Some movie fans hope Apple TV will do for Internet video what the iPod did for digital music.
That's precisely what some Hollywood executives are afraid of.
The device from Apple Inc., which debuted this spring, aspires to bring movie downloads from the geeky fringe to the living room. Touted as elegant and easy to use, Apple TV lets movies and TV shows bought through Apple's iTunes online service -- plus, later this month, videos from YouTube -- pass from computers to television sets. It also lets users watch their digital photos and home videos on their TVs.
But despite Apple TV's promise, some of the biggest movie studios won't sell their films through Apple's iTunes store. They fear that the Cupertino, Calif., company will come to dominate online distribution of movies as it now controls more than 70% of the digital-music market in the United States.
If it does, that could drive down the prices of newly released DVDs, which is great for consumers but bad business for the movie studios. Even more threatening to the studios is the possibility that iTunes could kill the premium they hope to collect for the new generation of high-definition movie discs.
These concerns about Apple TV have kept most of the major movie studios from signing deals to sell films through the companion download service, iTunes. Missing are movies from Sony Pictures, 20th Century Fox, Universal Studios and Warner Bros.
So far, only Walt Disney Co. has ponied up new releases while Paramount Pictures Corp. and a few smaller studios have made their older catalogs available to Apple.
"As a long-term business matter, Apple has to get all the studios feeling good about the product and what they're doing with iTunes," Gartner Inc. analyst Mike McGuire said.
Movie executives, though, are worried about the here and now -- and how offering inexpensive movie downloads through Apple could hurt their sizable DVD businesses.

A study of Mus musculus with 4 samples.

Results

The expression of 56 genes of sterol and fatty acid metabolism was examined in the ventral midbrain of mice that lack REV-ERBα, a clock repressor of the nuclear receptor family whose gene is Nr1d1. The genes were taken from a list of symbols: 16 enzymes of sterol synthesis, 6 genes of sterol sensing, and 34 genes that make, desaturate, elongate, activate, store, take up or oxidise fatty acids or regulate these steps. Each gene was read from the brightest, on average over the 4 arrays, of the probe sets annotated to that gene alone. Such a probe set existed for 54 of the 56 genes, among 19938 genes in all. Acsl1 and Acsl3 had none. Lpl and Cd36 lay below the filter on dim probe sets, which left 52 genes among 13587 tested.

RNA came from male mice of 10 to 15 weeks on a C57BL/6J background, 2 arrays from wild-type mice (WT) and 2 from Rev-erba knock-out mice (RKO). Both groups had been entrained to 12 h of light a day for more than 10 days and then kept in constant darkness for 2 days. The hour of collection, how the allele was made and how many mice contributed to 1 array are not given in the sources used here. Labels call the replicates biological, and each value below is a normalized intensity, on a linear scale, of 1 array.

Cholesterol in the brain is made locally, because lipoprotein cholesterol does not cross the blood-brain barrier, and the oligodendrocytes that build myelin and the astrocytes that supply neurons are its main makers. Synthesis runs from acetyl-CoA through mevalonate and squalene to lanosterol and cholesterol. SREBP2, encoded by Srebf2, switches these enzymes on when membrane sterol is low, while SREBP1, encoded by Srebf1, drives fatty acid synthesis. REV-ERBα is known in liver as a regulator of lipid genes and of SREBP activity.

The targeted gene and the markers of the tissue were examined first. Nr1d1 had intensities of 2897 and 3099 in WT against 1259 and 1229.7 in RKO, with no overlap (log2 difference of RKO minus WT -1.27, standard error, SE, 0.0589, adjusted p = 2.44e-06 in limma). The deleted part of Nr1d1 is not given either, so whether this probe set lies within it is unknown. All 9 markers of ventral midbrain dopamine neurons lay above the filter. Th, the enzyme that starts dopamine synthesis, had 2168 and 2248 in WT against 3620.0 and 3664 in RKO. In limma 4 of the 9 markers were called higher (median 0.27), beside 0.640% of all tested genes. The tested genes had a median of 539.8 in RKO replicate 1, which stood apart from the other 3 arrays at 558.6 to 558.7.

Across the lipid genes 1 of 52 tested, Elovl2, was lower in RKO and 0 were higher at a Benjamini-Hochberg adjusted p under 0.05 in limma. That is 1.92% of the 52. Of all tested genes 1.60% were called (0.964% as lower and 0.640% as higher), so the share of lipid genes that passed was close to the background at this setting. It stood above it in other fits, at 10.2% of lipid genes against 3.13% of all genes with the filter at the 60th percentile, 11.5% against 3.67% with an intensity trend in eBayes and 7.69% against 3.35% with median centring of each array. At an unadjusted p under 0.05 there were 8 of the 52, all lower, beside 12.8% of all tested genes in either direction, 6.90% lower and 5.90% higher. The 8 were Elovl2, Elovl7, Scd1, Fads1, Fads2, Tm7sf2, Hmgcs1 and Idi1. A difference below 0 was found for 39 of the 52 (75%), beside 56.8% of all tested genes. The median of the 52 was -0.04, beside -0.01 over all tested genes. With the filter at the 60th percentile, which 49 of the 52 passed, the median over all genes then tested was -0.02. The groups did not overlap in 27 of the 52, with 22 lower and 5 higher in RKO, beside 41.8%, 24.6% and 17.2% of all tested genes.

Apple already changed the way the music industry does business. For years, record labels were able to keep prices for albums on CDs at around $13 -- that is, until Apple persuaded label executives to let shoppers buy individual songs online for 99 cents as an alternative to downloading free, pirated tracks on file-sharing networks. Apple doesn't need to make much money selling music because it sells so many high-margin iPods -- more than 100 million to date.
The studios fear Apple is using a similar strategy with movies: Sell them for cut-rate prices so people buy more hardware. Senior studio executives say Apple could turn movies into a commodity.
That would turn the home-video business on its head. The studios have managed to keep the price of a DVD pretty constant in the decade since the DVD player was introduced. In 1997, consumers paid about $19 on average for a major film released on DVD, compared with about $22 today, according to the DVD Release Report, an industry trade publication based in Escondido, Calif.
With DVD sales growth slowing, Hollywood is now pushing high-definition Blu-ray and HD-DVD movie discs that cost an average of $22 to $23. That makes studio executives less than enthusiastic about embracing new, inexpensive digital distribution that would depress the price of new releases.
Home video purchases and rentals brought in $24.9 billion last year, according to Adams Media Research. In comparison, the firm said people spent $29 million for downloaded movies and $83 million for TV shows last year. Price isn't the only concern. Studio executives are using Apple's desire to offer more film downloads as an opportunity to press broader concerns about digital piracy.
Their major gripe is with the iPod, which plays pirated versions of movies and television shows that can be obtained at illicit file-trading sites or transferred to computers using software that pries the content off DVDs. Piracy experts say Apple TV could work the same way to transfer bootlegged movies and shows from the computer to the TV.
Apple says it trusts its customers to do the right thing, but movie studios don't think that's enough. So some are holding up licensing deals, trying to pressure Apple to take more aggressive steps to combat piracy. For example, they want Apple's devices to look for a unique identifying code, known as a watermark, on digital video to certify that it is a legitimate copy -- and to refuse to play the film when that watermark is absent.
"Our position is, if you want our content, you have to protect our business," said a movie-studio executive, who, like every other entertainment executive interviewed for this article, requested anonymity because he is involved in negotiations with Apple.
Apple executives declined to comment for this story because of the continuing talks. Speaking at the D: All Things Digital conference last month, Chief Executive Steve Jobs jokingly referred to Apple TV as the company's "hobby."
"The reason I call it a hobby is a lot of people have tried and failed to make that a business," he said.